Scarlet-breasted Maori wrasse

Pollution, global warming, and overfishing threaten the coral reefs all over the world. Disturbing the “equilibrium” of an ecosystem like a coral reef leads to its collapse or at least to irreversible changes. But why are these systems so sensitive to small environmental changes like increasing the water temperature by 2°C ?
The answer is that living systems like the coral reef ecosystem are actually far away from any equilibrium. So, what is scientific definition of the term “equilibrium”? This is understood best with an example. Take a closed bottle that is partially filled with water. At room temperature you find inside the bottle liquid water and a small amount of water vapor in the gas phase (which mostly consists of air). Water is all the time evaporating and condensing, but the amount of water evaporating and condensing is exactly the same. This is called an equilibrium between the liquid phase and the gas phase. What happens if you disturb the equilibrium by warming the bottle by 2°C ? A little bit more water will evaporate and the pressure in the bottle will slightly increase. But the increased pressure will lead to more condensation and we will get a new, only slightly changed equilibrium. In terms of the absolute temperature scale (starting at absolute zero at -273.15°C) a temperature change of 2°C at room temperature is less than 1% change, and thus only a small perturbation of the equilibrium.
What is the difference to a living system like a coral reef? The fundamental difference is that a living system needs a constant flow of energy and matter (food, light, water etc.) to keep alive. In a closed system, such as the bottle mentioned above, live is not possible. Just compare with an aquarium, which needs constant maintenance, support with oxygen, food etc. Even our planet earth is not a closed system in equilibrium, since we completely depend on a steady flow of energy from the sun. That means, living systems are far away from any equilibrium and a term that is better suited to describe it is “steady state”.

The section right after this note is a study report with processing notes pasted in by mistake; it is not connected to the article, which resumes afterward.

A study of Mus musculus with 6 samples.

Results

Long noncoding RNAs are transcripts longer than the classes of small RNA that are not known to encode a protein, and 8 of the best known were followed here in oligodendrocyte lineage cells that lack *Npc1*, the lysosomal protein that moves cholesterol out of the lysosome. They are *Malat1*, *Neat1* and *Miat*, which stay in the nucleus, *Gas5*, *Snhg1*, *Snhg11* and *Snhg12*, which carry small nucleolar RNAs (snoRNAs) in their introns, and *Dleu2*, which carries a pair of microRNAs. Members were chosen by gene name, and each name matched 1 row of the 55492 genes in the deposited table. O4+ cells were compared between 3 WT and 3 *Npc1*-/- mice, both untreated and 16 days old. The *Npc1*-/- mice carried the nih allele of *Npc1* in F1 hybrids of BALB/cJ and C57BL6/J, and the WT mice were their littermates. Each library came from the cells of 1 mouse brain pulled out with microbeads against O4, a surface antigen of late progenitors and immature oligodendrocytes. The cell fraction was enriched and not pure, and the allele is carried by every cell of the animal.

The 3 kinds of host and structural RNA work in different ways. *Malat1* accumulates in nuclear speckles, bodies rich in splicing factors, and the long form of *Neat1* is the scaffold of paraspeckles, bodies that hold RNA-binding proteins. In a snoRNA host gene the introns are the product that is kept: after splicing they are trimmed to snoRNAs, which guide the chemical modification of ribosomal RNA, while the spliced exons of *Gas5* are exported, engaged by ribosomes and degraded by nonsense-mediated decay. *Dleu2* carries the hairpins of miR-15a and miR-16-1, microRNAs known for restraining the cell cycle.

Why does the difference between steady state and equilibrium matter? If you would send the bottle of water in a spaceship on a journey for 1000 years it would still be the same. However, the aquarium would be different even if perfectly maintained. There would be many generations of new fish and microorganisms, not at all the same as at the beginning. Moreover, evolution would slowly change the behavior and properties of the living organisms.
Unlike an equilibrium state, a steady state is very sensitive to small changes of the environment. Small environmental changes can be dramatically amplified, since the parameters depend on each other not in a linear way but rather exponentially or even hyperbolically. That makes it also very difficult to predict the results of environmental changes (just think about the discussions concerning the effects of global warming).

Coral reefs are sensitive to small changes of the environment because they are not in equilibrium. A tiny variation (increase of temperature, invasion by an alien species such as the lionfish in the Caribbean, change of the nutrition by pollution) might induce a chain of changes (e. g. disappearing of species that are important in the food chain) that ultimately lead to a complete collapse of the system.